The History of Toothpaste
Preventive dental care isn’t a recent idea. Ancient civilizations understood the importance of keeping their teeth clean and healthy with bristles and toothpaste. While the tools we use to clean our teeth haven’t changed all that much, the ingredients certainly have. Let’s take a look at the history of toothpaste to see just how far we’ve come.
When Was Toothpaste Invented?
The concept of cleaning teeth with toothpaste actually goes back thousands of years. It’s believed that the Egyptians were cleaning their teeth with toothpaste as early as 5000 BCE, long before toothbrushes were invented in the 1400s.
In 2003, museum curators in Vienna found the oldest known toothpaste recipe. Written in Greek on Egyptian papyrus, it dates back to the 4th century CE. The ingredients included rock salt, mint, dried iris flower, and peppermint. An Austrian dentist tried out this recipe and found that the paste was very effective at removing plaque, though it did cause his gums to bleed.
In fact, abrasive ingredients were very popular in the past. The Greeks and Romans were known to use crushed bones and oyster shells in their toothpaste. And the Chinese, who invented the toothbrush as we know it today, added ground fish bones.
But that doesn’t mean you should test ancient toothpaste recipes at home. Harsh abrasives wear down your tooth enamel, causing tooth sensitivity and increasing the risk of cavities. They also irritate the gums, which can make you more susceptible to gum disease. We still use abrasive ingredients like baking soda in toothpaste today, but they are about the same hardness as your teeth, so they won’t damage your enamel.
How Was Modern Toothpaste Invented?
What we now think of as toothpaste wasn’t invented until 1824, when a dentist named Peabody was the first person to add soap to the paste. Then, in the 1850s, John Harris added chalk as an ingredient. In 1873, Colgate started mass production of toothpaste in jars.
But an American dentist named Dr. Washington Sheffield quickly realized that jarred toothpaste had a major problem. It was unsanitary for multiple people in a household to be dipping their used toothbrushes into the same jar.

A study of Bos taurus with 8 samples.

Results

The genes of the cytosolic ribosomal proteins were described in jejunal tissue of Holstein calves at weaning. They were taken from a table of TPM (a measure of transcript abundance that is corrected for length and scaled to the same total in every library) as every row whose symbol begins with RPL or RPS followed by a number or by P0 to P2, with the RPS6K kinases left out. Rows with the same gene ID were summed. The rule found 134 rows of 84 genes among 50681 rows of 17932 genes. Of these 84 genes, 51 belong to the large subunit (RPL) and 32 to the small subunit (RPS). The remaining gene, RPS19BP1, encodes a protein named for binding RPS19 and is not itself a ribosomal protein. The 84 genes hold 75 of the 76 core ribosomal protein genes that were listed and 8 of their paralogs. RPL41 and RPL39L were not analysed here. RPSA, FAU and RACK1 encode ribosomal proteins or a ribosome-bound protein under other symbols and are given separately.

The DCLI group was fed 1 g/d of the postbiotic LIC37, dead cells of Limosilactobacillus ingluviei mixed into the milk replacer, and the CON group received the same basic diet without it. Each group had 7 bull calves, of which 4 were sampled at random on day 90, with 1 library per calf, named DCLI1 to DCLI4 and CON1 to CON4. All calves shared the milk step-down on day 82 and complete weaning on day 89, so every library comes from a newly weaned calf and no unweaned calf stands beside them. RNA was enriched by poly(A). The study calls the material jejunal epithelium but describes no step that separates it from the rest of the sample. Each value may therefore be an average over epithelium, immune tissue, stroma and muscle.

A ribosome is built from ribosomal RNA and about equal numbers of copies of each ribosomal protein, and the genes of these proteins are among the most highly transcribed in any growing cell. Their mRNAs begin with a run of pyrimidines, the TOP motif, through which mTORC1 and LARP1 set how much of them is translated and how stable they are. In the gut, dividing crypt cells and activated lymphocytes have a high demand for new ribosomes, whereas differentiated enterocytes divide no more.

Dr. Sheffield invented the first collapsible tube of toothpaste, inspired by paint tubes. His toothpaste was also the first ready-made paste, whereas past mixtures (including the ancient ones) were in powdered form and only became a paste once combined with water or saliva.
Since the invention of the tube, toothpaste has seen continuous minor improvements. Toothpaste manufacturers started using less abrasive ingredients and in 1914, they started adding fluoride to help strengthen teeth. By 1945, soap was replaced with other ingredients that tasted better and made a smoother paste. Whitening ingredients were added around the 1980s to help brighten teeth.
How to Choose the Right Toothpaste for You
Toothpaste as we know it today really hasn’t been around all that long, and it has come a long way since using ingredients like crushed bones and rock salt. Today’s toothpastes are much more effective and taste significantly better than the powdered solutions from thousands of years ago.
There are many types of modern toothpaste with various ingredients to choose from, so it’s important to choose one that works best for you.
Follow these tips to help you select the best toothpaste:
- Look for a toothpaste that has earned the ADA seal of acceptance to ensure it contains safe and effective ingredients.
- Make sure it contains fluoride, which helps strengthen tooth enamel and fight tooth decay.
- Consider a specialized toothpaste formulated for your specific needs, such as sensitivity, discoloration, or gingivitis.
Family Dentist in Gilbert, Arizona
Dentistry has also changed significantly over the centuries. At Lifetime Family Dental, we provide a wide range of affordable and gentle dental services. Whether you have a toothache or need help selecting the right toothpaste for your needs, our compassionate team is happy to assist you. Call our office at 480-558-4331 today to make an appointment.